DesertUSA

Southwest Adventure, Living & Travel


Navajo National Monument

Overview

Climate/Map | Description | Things To Do | Camping/Lodging | Nearby

 

Ledge House Navajo National Monument
Ledge House


Navajo National Monument features well-preserved ruins of villages left behind about 1300 by prehistoric Pueblo Indians -- the Kayenta Anasazi. Built and occupied for only 50 years, the ruins represent the final settlement of farmers who adapted to the area's scarce rainfall to grow crops, build houses and raise families, then mysteriously move on.

General Information

Navajo National Monument is open year round. There are no entrance, camping or other fees.

Visitor Center

Elevation: 7,300 feet
Hours:8:00 AM to 5:00 PM daily

Facilities/Features

Stores/Museums
Books, maps, audio and video cassettes, slides, posters and postcards can be purchased at the Visitor Center. Authentic Native American craftwork is available at the arts and crafts store next door and at the head of Sandal Trail.

Programs & Events
Evening campfire programs are available. Check with park staff at visitor center for scheduled times.

Ranger Tours
Betatakin Ruin can be visited only with a ranger guided tour. Check the visitor center for schedules.

Food/Supplies
There are no food and supplies available in the Monument. Limited supplies are available at Black Mesa Trading Post at the junction of Arizona 564 and U.S. 160, which is 10 miles south of the Visitor Center.

Accessibility
The Visitor Center, restrooms and one campsite are available to visitors with limited mobility. A captioned, narrative video of the Betatakin tour is shown on request.

Geography

Map of area


Navajo National Monument is located on the Colorado Plateau of northeastern Arizona. Being at the transition zone between the Sonoran and Great Basin deserts, the climate is hot and dry, but mitigated by an elevation of 7,300 feet. Thus winters can be very cold with occasional snow; summer nights can be cool as well. The Monument is situated on a plateau between Navajo Mountain, 30 miles to the northwest, and Black Mesa, 20 miles to the southeast.

Getting There

There is no public transportation to the Monument.

By Air: The nearest airport, is at Page, AZ.
By Bus: Flagstaff AZ has the nearest train connection.
By Auto: Take U.S. Highway 160, 50 miles northeast of Tuba City, AZ or 20 miles southeast of Kayenta, AZ. Turn north onto a 10-mile paved road, Arizona 564, to the Visitor Center.

Camping & Lodging

Lodging

There is no lodging in Navajo National Monument. Motel lodging is available in Kayenta, AZ, Tuba City and Page, AZ. Click on city for rates, availability and reservation online.

Camping

The year-round campground has 30 sites available on a first-come, first-serve basis. There is water, but no hookups or showers. Trailers longer than 25 feet in length are discouraged. Reservations are accepted for limited group camping (minimum 10 persons/group) in the overflow campground, which has 11 sites.

Rules & Regulations

It is the visitor's responsibility to know and obey park rules. Regulations are designed for visitors' protection and to protect natural resources.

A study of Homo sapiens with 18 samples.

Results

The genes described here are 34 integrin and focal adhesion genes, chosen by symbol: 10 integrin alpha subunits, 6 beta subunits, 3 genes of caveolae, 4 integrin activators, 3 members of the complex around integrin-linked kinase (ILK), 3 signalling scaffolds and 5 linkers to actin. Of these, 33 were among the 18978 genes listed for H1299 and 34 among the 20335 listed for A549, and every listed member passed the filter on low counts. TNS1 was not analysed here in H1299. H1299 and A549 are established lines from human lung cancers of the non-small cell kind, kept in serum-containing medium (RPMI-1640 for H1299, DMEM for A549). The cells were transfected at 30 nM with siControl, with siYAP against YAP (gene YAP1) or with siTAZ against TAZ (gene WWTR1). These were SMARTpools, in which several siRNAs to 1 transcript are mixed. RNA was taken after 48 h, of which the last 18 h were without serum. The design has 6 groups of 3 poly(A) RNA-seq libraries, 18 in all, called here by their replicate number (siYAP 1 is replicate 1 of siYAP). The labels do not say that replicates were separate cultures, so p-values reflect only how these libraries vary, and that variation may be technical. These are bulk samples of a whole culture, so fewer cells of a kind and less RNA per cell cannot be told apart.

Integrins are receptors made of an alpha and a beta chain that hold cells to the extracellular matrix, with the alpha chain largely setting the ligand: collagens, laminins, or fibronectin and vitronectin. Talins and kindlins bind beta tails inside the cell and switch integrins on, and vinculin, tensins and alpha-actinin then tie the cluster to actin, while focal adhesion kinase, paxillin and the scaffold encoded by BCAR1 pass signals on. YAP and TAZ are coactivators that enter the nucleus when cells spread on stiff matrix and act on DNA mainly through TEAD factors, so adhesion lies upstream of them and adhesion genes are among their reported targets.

• Wood fires are not allowed.
  • Keep pets on leash at all time.
  • Pets are not allowed in buildings or on trails.
  • Do not camp under ledges or cliffs

 

HC-71, Box 3
Tonalea, AZ 86044-9704
928-672-2700
928-672-2703 (fax)

 

 


DesertUSA Newsletter -- We send articles on hiking, camping and places to explore, as well as animals, wildflower reports, plant information and much more. Sign up now (It's Free).


THE DESERT ENVIRONMENT
The North American Deserts
 Chihuahuan Desert Great Basin Desert  Mojave Desert  Sonoran Desert
 Glossary of Desert & Geological Terms

Animals - Wildlife | Wildflowers-Plants | Minerals - Geology | Desert People

 

SEARCH THIS SITE









 



Monument Valley Navajo Tribal Park
The movie Stagecoach, in 1939 introduced two stars to the American public, John Wayne, and Monument Valley. Visiting Monument Valley gives you a spiritual and uplifting experience that few places on earth can duplicate. Take a look at this spectacular scenery in this DesertUSA video.

Glen Canyon Dam - Lake Powell Held behind the Bureau of Reclamation's Glen Canyon Dam, waters of the Colorado River and tributaries are backed up almost 186 miles, forming Lake Powell. The dam was completed in 1963. Take a look at this tremendous feat of engineering - the Glen Canyon Dam.

Canyon de Chelly National Monument
Canyon de Chelly NM offers the opportunity to learn about Southwestern Indian history from the earliest Anasazi to the Navajo Indians who live and farm here today. Its primary attractions are ruins of Indian villages built between 350 and 1300 AD at the base of sheer red cliffs and in canyon wall caves.

Laughlin - Lake Mohave - Colorado River
In the summer, Katherine's Landing at the southern end of Lake Mohave is a hub of activity. It has fuel, a general store, a restaurant and a snack bar. The Colorado River south of the dam offers many recreational opportunities. Take a look at this river destination!

___________________________________

Take a look at our Animals index page to find information about all kinds of birds, snakes, mammals, spiders and more!



Hot temperatures in the desertAre you interested in the temperatures in the desert?

Click here to see current desert temperatures!

DesertUSA is a comprehensive resource about the North American deserts and Southwest destinations. Learn about desert biomes while you discover how desert plants and animals learn to adapt to the harsh desert environment. Find travel information about national parks, state parks, BLM land, and Southwest cities and towns located in or near the desert regions of the United States. Access maps and information about the Sonoran Desert, Mojave Desert, Great Basin Desert, and Chihuahuan Desert.



 
   
 
   
Copyright © 1996-2014 DesertUSA.com and Digital West Media, Inc.